Blowing in the Wind

I’ve talked—and written—about designing a structure behind an apparently free-form image. With flower photography on a light box, possible forms this structure can take include a bouquet, a garden patch of upright flowers, and a mandala, to name a few compositional ideas.

Blowing in the Wind © Harold Davis

With Blowing in the Wind (above) I decided to try a variant of the garden of flowers. Using an underlying grid made up of two-week irises (Dietes, also called “Fortnite Lily” and “African Iris”), I curved the structure to the right, as though the garden patch were in fact blowing in the wind.

If you are interested, the two-week iris has its informal name because it seems to bloom every two weeks. A clump of these flowers grow essentially wild in my garden with very little tending; in fact, all the blossoms in this series of images are straight from my garden.

I’ve tried to make the flowers in a light box arrangement appear to be responding to a strong wind before, but it is not my most common approach. For example, this star magnolia is similarly arranged to appear to be bending in the wind, as flowers in the great outdoors do, and so in their own way are the flowers partying in Flowers Party Too!

Triumph of Beauty over Despair © Harold Davis

In recent times, I’ve taken advantage of my existing arrangements to hone in on relatively small sections of the composition. Fresh flowers from the garden have a short half life, and I feel better about taking the life of the blossom for photography more than once. I’ve called this secondary kind of work Artfully Random. It’s discussed in more detail here, and you can also view my album of Artfully Random images on Flickr.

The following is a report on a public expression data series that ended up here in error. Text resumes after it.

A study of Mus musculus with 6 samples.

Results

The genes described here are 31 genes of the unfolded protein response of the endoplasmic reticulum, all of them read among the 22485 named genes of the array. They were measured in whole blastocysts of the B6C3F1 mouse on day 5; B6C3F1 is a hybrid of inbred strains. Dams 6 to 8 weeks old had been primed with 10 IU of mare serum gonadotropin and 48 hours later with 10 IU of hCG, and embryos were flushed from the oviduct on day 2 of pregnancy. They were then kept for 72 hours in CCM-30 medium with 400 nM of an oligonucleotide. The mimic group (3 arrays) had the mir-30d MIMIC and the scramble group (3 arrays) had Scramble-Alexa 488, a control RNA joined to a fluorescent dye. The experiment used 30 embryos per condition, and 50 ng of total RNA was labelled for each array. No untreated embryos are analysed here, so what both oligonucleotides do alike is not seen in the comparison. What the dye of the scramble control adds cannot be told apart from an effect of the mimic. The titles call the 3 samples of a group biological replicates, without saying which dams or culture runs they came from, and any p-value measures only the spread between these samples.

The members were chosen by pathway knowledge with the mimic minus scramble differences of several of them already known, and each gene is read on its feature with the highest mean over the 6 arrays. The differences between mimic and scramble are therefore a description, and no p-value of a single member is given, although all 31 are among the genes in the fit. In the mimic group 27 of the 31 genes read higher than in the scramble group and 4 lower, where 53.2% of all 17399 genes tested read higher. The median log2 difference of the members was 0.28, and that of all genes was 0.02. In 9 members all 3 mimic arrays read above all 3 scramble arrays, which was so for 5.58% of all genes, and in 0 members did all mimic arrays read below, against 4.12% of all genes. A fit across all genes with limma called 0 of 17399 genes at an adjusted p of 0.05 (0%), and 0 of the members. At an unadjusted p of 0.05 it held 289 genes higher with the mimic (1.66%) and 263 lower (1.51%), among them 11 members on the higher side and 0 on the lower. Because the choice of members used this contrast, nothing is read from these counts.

Triumph of Beauty over Despair (above) follows the Artfully Random playbook, with a twist: the underlying, orderly grid structure created by the stems of the two-week lilies clearly organizes the image, so it’s not really about randomness in any sense.

Let the Flowers Fall © Harold Davis

The final image in this series, Let the Flowers Fall (above), adheres more clearly to the Artfully Random paradigm. With this image, my thought was to make the blossom appear to be falling, particularly the red poppies on top and right sides. In this way, I tried to echo Yosemite’s famous fire fall of yesteryear, as seen these days in the scene at Horsetail Falls.

Check out my upcoming “garden” of postage stamps.